Weaving a labour of love

LAUNCHING her own business was always on the agenda for Carrickmore textile designer Aisling Donaghy.

Even as she developed her skills as a talented needle and thread artist at York Street art college, Aisling
always envisaged working for herself.

“I had aspirations even when I was at college of having my own place and doing that type of work. I just
couldn’t see myself doing anything else,” she smiled.

By 1999, she was going it alone, “There was no jobs in that field and I just thought the only way to go was
to start up myself,” she recalled. “It just sort of developed over the years and diversified into dancing costume and into dress design.”

As her skills and reputation developed, Aisling realised she was going to need her own purpose built studio
in which to work and for her clients to view her wares. In September 2008, she moved into her present location on Carrickmore’s Main Street.

But as Aisling’s business prowess was growing, the economic world around her was beginning to crumble.
“The major difficulties at that time for us, where everything was just going down the hill, was the increased overheads compared to what we had working from home and the lack of money available around the

However Aisling’s Textile Studio has not only managed to weather the storm, but flourish through it. “A lot
of it was about diversifying the type of work we were doing to maintain a steady work flow,” she said.

“One of our main areas was costume design, but that area took a bit of a knock. Being a luxury item, people
just didn’t have the money for it. So we diversified into bridal wear and that’s what spurred us on and
kept up the work flow.”


Achieving success doesn’t come easy she asserts. “Until I was actually in the business, I probably didn’t
realise how much work is involved, but I wouldn’t change anything. I’m always learning, always branching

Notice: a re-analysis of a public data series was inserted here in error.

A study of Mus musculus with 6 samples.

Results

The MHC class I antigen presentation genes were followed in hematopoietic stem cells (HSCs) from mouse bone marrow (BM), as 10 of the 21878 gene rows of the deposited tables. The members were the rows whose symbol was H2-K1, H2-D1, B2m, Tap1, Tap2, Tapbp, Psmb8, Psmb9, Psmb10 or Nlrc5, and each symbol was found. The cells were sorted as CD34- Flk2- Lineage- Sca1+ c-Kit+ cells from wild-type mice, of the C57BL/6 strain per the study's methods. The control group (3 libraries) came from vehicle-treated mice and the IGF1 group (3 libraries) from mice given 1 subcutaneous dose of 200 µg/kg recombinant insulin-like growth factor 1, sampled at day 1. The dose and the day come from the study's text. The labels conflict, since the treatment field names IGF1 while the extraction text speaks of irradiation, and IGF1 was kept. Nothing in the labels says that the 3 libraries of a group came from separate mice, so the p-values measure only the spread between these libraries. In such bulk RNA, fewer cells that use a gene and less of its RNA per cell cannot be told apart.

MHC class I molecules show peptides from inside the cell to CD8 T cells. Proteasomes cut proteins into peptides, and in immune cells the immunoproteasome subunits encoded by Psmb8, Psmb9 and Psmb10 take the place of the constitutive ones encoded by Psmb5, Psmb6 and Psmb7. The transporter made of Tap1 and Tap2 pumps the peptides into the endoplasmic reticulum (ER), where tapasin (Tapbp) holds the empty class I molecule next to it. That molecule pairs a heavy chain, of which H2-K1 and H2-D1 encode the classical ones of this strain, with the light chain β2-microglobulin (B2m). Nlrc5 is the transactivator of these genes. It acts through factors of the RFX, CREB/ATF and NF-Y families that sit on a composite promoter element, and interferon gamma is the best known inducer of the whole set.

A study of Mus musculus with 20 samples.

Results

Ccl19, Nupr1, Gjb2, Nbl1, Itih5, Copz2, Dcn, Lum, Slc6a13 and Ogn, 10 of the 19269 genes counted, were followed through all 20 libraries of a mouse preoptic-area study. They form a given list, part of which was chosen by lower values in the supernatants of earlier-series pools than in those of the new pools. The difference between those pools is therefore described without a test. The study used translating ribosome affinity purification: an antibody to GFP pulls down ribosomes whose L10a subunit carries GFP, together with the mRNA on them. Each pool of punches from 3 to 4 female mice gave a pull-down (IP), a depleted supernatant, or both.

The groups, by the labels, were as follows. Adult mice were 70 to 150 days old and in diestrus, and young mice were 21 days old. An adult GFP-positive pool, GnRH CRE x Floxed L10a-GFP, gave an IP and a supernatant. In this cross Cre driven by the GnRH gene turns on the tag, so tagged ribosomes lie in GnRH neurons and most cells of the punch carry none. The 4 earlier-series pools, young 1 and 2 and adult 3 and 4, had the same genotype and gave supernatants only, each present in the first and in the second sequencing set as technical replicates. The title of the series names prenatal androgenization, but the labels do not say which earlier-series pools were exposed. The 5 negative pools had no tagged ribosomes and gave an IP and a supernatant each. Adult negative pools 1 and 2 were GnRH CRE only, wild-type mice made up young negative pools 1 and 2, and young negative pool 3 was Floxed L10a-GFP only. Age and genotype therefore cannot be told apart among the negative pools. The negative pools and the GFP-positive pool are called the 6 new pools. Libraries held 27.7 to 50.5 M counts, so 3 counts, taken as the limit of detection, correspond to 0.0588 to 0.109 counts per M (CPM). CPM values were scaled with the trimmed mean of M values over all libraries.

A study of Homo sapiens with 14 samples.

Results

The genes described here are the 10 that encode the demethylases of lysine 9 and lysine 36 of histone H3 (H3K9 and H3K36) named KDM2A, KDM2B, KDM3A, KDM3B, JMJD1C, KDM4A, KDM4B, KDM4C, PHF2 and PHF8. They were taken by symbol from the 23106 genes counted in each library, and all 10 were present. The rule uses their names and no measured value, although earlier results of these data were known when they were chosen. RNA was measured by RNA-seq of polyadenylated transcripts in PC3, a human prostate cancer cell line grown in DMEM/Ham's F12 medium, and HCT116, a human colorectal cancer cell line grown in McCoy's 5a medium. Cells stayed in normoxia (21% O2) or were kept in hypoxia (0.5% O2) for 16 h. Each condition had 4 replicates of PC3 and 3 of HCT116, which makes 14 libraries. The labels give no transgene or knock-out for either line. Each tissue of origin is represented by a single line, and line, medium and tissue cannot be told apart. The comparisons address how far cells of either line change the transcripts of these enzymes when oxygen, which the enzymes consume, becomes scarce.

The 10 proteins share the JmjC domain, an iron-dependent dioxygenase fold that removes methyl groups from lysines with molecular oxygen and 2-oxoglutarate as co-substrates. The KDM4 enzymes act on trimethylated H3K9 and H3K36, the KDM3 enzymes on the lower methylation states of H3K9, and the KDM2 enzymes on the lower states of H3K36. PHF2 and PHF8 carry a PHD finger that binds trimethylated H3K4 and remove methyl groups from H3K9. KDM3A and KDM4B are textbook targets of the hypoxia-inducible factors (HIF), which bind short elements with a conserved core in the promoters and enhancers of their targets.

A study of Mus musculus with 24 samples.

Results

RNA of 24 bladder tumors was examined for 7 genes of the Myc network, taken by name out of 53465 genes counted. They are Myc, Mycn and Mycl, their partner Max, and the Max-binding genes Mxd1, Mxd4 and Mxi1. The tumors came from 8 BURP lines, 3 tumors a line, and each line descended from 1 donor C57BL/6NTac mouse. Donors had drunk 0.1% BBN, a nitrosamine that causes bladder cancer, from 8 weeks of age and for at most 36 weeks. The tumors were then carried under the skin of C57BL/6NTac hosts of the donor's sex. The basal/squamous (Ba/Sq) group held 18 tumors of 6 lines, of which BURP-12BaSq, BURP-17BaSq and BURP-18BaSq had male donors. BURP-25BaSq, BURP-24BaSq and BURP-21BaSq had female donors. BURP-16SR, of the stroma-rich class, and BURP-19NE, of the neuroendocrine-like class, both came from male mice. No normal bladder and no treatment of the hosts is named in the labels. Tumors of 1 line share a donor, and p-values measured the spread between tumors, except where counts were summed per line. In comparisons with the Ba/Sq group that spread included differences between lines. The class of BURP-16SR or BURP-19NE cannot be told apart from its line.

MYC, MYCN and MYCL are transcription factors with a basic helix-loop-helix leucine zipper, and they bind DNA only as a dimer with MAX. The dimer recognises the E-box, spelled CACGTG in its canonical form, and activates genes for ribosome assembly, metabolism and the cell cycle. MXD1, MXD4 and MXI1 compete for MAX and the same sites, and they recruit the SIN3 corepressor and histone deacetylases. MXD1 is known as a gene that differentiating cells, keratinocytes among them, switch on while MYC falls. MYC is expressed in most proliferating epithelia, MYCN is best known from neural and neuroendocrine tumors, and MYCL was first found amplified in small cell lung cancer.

into other areas.”

Aisling revealed her latest venture has been into the world of millinery, or hat-making to you and me.

“It’s all about offering the client another service, it’s trying to provide as much as you can under one roof for each client. It saves a lot of running for them, so we can design their head pieces to match their outfit.

“It’s very self driven, you need a hell of a lot of motivation because it’s not just a nine-to-five job. What drives me is the fact that every day I go into work I’m doing something different.

“I’m never making the same outfit twice, everything we do is bespoke and you never get bored, it’s a total
labour of love.”

The designer recounted a few words of guidance provided by a Prince’s Trust business mentor in the initial years of her own venture, that have remained with her.

“He always said to me that there is no point in being a busy fool. What he meant was that you could be totally flat out busy all the time, but if you are not actually generating an income for the business, it’s just foolish at the end of the day.

“You’ll always be busy if you’re too cheap and not breaking even. But, I think it’s a lot better to value your work and take pride in it and get a decent income from what you do, especially if it’s something handmade and there are so few skilled people around with all the factories closed. It’s unique in itself to be involved in something like that,” she added.


Looking ahead, the designer is relishing a number of upcoming events to showcase her work and revel in her love of a particular era. “The era I am particularly fond of would be the 1950s.”

From Grace Kelly to Audrey Hepburn, Aisling described the decade as a treasure trove of timeless fashion.
“Their fashion was just exquisite and I would get a lot of inspiration from that.”

Aisling’s Textile Studio will be one of the main contributors to the inaugural Omagh Fair Lady vintage event on July 31 in the Silver Birch Hotel, while she revealed a group of local girls will showcase her work during ladies day at the Galway races next Thursday.

Although last year’s winning lady took home a €1,000 prize, it was the designer behind the winning dress
who took all the plaudits. “It’s not that we think we’re going to win, it’s just about promoting our name,”
said Aisling.

Among the designs heading to the Joyce County is a personal favourite of the designer, an iconic outfit based on the fashion of Jackie Kennedy. “At that time there was so much austerity as well,” she revealed.

“I’m actually finding a big trend at the minute towards austerity that just has that timeless elegance about it,” added Aisling.“Those styles are definitely becoming quite popular again, the more simpler approach to clothing.”

Source: Ulster Herald on 21st July 2011.